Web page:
Smart batteries

Sensing and self-healing of batteries

Apart from offering larger energy density at lower costs, the increasing social demand is also calling for improvements to enhance present batteries lifespan, reliability, durability, and sustainability. It implies introducing smartness in batteries and monitoring their state of health in order to extend their lifetime. Thus, batteries could be given a second life by switching them from an application to another (e.g. EVs to smart grid technologies) as a function of their real-time-monitored performances. The research activities on smart batteries at CSE are inspired by medicine and mainly focus on embedding batteries with intelligent sensing and curing chemical functionalities.

The sensing of batteries is carried out using non-invasive operando techniques where a fibre Bragg grating (FBG) sensor(s) is injected into the batteries that sense battery functionalities such as local temperature (T), pressure (P) and strain (ε), with high temporal and spatial resolution. The obtained information together with the knowledge about the cell chemistry is used to understand parasitic reactions and interfacial growth dynamics. Additionally, by wisely combining multiple optical fibres, calorimetry measurements are performed to access heat flow information, which will help to improve cooling and battery management systems of electrical vehicles. The methodology developed so far could be used in both Li- as well as Na-ion batteries irrespective of the cell geometries (18650, pouch type and coin type cells).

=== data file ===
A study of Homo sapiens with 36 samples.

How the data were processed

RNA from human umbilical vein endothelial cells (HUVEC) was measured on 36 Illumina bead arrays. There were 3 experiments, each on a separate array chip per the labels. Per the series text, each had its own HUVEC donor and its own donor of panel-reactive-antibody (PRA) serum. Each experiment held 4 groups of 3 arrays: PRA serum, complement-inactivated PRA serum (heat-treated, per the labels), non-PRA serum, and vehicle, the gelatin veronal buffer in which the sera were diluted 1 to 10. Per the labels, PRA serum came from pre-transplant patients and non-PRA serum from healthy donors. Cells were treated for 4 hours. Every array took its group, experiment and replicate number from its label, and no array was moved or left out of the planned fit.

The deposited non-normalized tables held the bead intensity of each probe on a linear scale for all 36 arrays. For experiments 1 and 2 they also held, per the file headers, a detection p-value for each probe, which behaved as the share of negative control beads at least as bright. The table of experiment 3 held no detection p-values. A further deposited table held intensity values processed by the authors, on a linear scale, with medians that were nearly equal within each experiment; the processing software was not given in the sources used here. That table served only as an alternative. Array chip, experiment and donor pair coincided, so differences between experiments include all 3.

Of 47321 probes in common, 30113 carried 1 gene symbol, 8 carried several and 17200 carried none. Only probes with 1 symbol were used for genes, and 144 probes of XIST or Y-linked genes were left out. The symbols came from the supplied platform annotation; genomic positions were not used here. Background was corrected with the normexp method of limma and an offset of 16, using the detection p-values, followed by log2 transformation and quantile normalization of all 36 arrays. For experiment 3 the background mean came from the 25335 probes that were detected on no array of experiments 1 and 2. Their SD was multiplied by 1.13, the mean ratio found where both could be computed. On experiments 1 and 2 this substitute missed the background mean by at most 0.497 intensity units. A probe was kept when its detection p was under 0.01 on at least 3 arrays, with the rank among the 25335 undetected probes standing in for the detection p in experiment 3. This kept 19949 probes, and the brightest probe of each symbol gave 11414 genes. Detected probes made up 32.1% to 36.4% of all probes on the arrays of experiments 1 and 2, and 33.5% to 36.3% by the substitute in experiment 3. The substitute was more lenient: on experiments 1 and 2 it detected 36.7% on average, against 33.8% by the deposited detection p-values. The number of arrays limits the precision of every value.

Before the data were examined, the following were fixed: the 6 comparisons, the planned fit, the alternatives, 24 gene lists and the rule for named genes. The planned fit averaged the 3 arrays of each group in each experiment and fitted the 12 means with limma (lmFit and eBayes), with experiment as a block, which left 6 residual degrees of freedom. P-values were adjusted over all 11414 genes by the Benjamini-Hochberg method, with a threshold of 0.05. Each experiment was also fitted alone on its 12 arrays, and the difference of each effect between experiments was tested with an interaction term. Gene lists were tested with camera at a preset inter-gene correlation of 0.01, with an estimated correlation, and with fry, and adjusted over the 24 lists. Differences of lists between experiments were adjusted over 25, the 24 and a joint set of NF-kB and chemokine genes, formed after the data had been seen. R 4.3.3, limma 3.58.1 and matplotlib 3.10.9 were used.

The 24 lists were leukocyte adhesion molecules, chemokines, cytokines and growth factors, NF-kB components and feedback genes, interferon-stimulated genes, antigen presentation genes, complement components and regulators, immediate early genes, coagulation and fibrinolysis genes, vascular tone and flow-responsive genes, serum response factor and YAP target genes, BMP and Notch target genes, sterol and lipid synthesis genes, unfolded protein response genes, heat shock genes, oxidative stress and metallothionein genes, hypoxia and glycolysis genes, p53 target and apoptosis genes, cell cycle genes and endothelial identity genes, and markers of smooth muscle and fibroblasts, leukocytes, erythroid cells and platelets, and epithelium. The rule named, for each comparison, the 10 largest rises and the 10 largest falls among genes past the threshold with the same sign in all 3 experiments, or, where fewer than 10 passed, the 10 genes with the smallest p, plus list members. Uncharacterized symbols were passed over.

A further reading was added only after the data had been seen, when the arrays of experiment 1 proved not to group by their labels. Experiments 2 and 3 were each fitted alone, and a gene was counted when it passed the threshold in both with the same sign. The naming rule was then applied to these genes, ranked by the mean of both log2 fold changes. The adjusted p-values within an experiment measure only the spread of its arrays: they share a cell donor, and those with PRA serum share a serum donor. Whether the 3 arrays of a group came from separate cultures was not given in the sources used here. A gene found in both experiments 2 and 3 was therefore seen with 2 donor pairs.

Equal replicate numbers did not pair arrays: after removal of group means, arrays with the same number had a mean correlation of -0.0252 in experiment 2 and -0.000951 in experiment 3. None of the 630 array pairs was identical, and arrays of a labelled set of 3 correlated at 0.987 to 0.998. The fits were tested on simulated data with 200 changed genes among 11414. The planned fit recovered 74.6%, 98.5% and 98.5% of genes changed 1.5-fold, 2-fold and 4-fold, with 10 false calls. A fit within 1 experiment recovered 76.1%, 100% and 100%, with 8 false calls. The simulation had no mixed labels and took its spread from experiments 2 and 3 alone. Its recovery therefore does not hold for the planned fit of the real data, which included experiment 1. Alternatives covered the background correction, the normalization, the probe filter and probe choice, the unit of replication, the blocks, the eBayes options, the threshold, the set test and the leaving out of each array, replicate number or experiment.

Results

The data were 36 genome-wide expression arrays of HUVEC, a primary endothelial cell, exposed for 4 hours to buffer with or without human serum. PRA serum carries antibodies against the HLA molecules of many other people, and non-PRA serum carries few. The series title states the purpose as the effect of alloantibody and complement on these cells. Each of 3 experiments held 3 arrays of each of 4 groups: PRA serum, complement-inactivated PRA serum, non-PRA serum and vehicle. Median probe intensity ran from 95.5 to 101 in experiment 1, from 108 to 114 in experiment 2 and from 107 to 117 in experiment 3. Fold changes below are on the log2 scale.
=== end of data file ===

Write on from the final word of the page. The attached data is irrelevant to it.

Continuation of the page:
As a next step, such a diagnosis must be followed by a healing strategy to resorb electrodes cracks, restore electrode conductivity or regulate species migration through smart membrane, hence improving batteries cycling life. Towards this application, a team of our group has been focusing on the development of new materials, based on bio-molecules or polymers with auto-repairing properties relying on dynamic supramolecular self-assembly, to be integrated inside electrochemical cells.

Our innovative research strategy coupling both sensing and self-healing functionalities are part of the large-scale European research initiative BATTERY 2030+.